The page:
Spring has officially arrived mid-April when I make my way to Camp Ben McCulloch and the Salt Lick Pavillon outside of Austin for the Old Settler’s Music Festival. Although from now through early October there’s a big music festival every weekend somewhere in the country, the combination of being the right size, boasting a stellar line-up with plenty of variety, and having a soul of its own makes OSMF an annual highlight for me.
Austin…or Houston – Yes, the festival’s only a half hour from Austin, but this year Houston really made its presence felt with some of its musical natives. Hayes Carll put on a solid show and featured special guest Allison Moorer, and The Suffers did Texas soul music proud. The real winner in this group, though, was Carolyn Wonderland and her band who just tore it up, keeping the rain at bay Saturday afternoon.
My Roots Were Showing – I never got to see The Jayhawks in their chart-topping prime, and had pretty well written off the opportunity. Yet two decades later here they were playing an extra long set every bit as fulfilling as I could have imagined. In a similar vein, when Son Volt burst on the scene after Uncle Tupelo imploded I didn’t make time to hear them. Over the years my appreciation has really grown and the Jay Farrar Trio scratched an itch playing most of Trace in addition to some new material.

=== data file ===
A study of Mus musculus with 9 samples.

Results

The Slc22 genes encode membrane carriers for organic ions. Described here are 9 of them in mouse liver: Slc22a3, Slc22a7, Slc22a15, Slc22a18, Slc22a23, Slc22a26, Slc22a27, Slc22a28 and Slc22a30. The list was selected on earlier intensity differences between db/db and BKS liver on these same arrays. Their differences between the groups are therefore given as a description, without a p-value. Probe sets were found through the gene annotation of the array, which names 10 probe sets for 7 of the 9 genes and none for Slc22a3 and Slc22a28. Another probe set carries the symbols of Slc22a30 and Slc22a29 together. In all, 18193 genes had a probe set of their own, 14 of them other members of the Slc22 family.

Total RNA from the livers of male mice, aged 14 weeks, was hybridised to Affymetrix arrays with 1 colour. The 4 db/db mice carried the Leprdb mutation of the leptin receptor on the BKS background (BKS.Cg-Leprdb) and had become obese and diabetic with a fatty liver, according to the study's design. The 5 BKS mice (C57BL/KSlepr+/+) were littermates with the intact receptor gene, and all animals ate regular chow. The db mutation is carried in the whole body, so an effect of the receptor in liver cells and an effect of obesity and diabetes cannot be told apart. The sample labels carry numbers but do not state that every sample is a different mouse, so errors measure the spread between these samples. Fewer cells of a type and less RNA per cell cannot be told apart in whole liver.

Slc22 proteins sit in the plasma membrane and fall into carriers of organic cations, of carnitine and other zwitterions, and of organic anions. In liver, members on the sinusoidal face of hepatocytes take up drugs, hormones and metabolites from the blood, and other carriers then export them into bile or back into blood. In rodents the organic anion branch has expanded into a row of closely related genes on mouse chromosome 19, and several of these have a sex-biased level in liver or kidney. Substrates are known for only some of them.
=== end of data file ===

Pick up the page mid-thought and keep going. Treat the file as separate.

Is That What I Think It Is? – The festival kicked off with Michigan-based The Accidentals. They play a fun blend of jazzy bluegrass and country with an obviously unbridled passion. But when they closed their set with a spot-on cover of Rush’s Tom Sawyer, the audience went wild. Friday afternoon, after a Thursday evening traditional bluegrass set, The Hillbenders did a repeat of something SXSW founder Louis Meyers put them up to last year–a bluegrass version of the rock opera Tommy. It was spectacular.
Party On, Wayne – Festival organizer Jean Spivey always does a great job of booking a wide variety of acts, and includes at least a couple of options to get everyone up and on their feet. Brothers Comatose did that in stellar fashion Thursday night with practically the whole campground asking, “who are those guys?” Then on Saturday afternoon Dustbowl Revival got the main stage audience in a raise-your-arms-and-dance mood with their unique reggae/ska/tejano/bluegrass sound.
Best Performance – Della Mae closed out Thursday night with a performance that captured the spirit of OSMF, but I think their Friday afternoon show topped that and was a better example of how this band has gotten better and better. Saturday evening at the Bluebonnet Stage delivered a twofer. First, Milk Carton Kids delivered their patented mix of dry humor and music. Then the Wood Brothers took the stage and lit into a funky, groove-laden finish to a nearly perfect day of music.
About the author: Support new music. Listen to a band or singer you've never heard of this week. I've been doing that for over 30 years.